The Newton County Board of Commissioners has amended the zoning ordinance to specifically exclude tracks for motorsports from allowed uses under commercial outdoor recreation facilities.
County officials say the move was part of an overhaul of the zoning ordinance, as several amendments have been approved recently. Firing ranges were also excluded.
But Donnie Clack, who has proposed locating a drag strip in Newton along I-20 and U.S. Highway 278, doesn't believe it.
"I think it is ironic and comical they threw outside motorsports complex into the mix. I'm sure it wasn't aimed at me or my property because I know those commissioners have higher standards than that," Clack said. "The Newton County commissioners have been speaking loud and clear they pretty much don't want anything in the county down there. I guess the tax base is strong enough they don't need any additional revenues."
Commercial outdoor recreation facilities are defined in the ordinance as "any establishment whose main purpose is to provide the general public with facilities for active, outdoor recreational activities and where tickets are sold or fees are collected for participation in the activity." Examples listed include water slides and parks, golf and miniature golf courses, driving ranges and baseball batting cages.
"The amendments were the result of a comprehensive effort to update the county's commercial regulations and were not aimed at any particular use of property," said Scott Sirotkin, director of the Newton County Department of Development Services. Though a drag strip wouldn't be allowed under the current ordinance, "As I mentioned to the board, if they direct staff to do so, we can work on a set of proposed standards for such a use for the board to consider," Sirotkin said.
Clack said in early 2010 that he planned to take his petition before Newton County after he was unsuccessful in Social Circle. But the project has long been on hold due to the economy. He also owns Lanier National Speedway in Braselton, which has been facing financial difficulties lately as attendance has dropped.
Clack said he still has citizens asking him weekly, "Can we get the drag strip?"
As initially proposed, the 1/8 mile drag strip would be part of a larger motorsports complex that would include grandstands, a possible campground/RV parking area, a motocross track, multi-use arena and staging area.
Clack and several other property owners annexed about 1,150 acres north of I-20 and west of U.S. 278 from Newton into Social Circle in 2008. A year later, Clack petitioned the city to rezone his property from agriculture use to general commercial with special conditions to construct the motorsports complex.
The request set off a fierce debate among residents of both Social Circle and Newton, and prompted the creation of the Concerned Citizens of Social Circle, a group that's main aim is to build opposition to the drag strip.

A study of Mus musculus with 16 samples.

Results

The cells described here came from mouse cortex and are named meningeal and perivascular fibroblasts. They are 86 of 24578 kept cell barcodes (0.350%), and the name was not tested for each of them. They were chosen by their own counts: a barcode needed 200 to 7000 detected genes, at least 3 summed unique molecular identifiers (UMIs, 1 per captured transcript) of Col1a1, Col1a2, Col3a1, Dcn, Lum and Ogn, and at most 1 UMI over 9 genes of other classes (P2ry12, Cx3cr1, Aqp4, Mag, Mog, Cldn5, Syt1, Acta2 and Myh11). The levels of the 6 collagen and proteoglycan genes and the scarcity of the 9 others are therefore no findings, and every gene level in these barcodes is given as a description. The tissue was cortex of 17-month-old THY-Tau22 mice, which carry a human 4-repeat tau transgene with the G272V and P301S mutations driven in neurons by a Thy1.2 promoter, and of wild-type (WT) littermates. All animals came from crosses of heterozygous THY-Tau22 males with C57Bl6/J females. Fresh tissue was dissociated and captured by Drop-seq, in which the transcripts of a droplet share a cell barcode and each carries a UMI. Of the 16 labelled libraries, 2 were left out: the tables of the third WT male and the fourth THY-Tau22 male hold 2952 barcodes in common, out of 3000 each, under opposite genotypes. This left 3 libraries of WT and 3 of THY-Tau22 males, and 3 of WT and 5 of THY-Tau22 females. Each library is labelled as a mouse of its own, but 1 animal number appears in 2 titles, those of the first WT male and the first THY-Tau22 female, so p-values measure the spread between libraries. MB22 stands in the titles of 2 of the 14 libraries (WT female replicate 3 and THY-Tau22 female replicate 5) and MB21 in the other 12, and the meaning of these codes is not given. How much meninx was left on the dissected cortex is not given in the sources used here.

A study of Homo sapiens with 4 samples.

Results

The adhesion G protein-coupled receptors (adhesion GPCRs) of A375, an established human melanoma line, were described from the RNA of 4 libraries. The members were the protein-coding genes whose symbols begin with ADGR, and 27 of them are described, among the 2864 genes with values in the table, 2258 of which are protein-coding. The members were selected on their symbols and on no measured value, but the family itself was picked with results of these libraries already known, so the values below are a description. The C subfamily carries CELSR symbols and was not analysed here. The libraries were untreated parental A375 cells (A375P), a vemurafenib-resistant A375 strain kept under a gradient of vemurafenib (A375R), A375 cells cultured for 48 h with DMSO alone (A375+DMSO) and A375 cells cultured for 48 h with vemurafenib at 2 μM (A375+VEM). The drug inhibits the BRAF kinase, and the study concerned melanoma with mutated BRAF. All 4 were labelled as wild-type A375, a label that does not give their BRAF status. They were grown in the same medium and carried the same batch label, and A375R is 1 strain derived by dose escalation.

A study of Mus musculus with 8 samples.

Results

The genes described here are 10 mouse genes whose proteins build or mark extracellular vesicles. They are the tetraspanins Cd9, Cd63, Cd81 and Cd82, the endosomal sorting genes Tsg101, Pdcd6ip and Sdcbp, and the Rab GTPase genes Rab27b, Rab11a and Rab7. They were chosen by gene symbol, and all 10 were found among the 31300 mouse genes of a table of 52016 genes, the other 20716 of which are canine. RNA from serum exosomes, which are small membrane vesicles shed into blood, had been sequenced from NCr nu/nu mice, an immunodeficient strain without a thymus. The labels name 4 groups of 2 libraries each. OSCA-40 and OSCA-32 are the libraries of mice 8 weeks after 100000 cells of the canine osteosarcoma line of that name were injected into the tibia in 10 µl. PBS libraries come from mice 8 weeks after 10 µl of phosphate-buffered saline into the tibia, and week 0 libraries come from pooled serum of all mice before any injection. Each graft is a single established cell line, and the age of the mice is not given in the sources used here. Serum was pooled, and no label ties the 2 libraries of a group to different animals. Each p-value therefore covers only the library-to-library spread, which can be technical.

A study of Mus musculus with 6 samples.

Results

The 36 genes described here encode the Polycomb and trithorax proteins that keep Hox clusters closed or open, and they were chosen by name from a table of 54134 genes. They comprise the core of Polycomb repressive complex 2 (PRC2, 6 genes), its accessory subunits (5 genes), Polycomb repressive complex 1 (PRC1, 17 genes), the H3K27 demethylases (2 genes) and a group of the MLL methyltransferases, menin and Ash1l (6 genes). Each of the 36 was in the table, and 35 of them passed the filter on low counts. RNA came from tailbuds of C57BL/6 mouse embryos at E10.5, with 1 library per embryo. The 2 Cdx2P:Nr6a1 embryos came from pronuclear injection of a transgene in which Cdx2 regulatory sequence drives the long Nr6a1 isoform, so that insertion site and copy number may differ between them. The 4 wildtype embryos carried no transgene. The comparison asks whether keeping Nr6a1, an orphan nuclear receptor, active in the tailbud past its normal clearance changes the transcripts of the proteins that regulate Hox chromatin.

After much back and forth and delay, a zoning error was discovered -- a 1-acre parcel of land fronting U.S. 278 was included as part of Clack's property, but actually belonged to another individual who did not request annexation, creating an unincorporated island. The Social Circle City Council opted not to amend the boundary error and voted to de-annex the entire 1,150 acres.
Clack vowed to take his petition to Newton County, but knew all along he'd face a tough crowd. Commissioners issued a letter in 2010 urging Social Circle officials to deny Clack's request. The letter said the project would have an adverse impact on the surrounding area, citing noise and traffic congestion, and would not conform with the county's Comprehensive Land Use Plan.
"A drag strip might bring tourism, restaurants, motels and retailers to the region, but at the high cost of creating an unbearable nuisance for existing residents and of negating many of the development advantages of our area," the letter stated.
Most impacted would be Stanton Springs, the 1,600-acre mixed-use property owned by the Joint Development Authority of Jasper, Morgan, Newton and Walton Counties, according to Newton officials, who said the drag strip could deter development there.
But Clack said that argument doesn't hold water.
"Stanton Springs has been on life support for 10 years," he said of the project, which has yet to attract any development. "If it was a human they'd pull the plug on it. But as long as the taxpaying citizens are paying the tab, they keep on supporting it. They don't want something that will bring instant revenue. A lot of people reading this article will never live long enough to see the results of Stanton Springs, and I might be one of them."
Clack said he's not giving up despite the financial constraints he's under now and despite the recent action by the county.
"I'm not saying we're dead, but they've shot us in the head one more time and I didn't even know we were playing war," he said.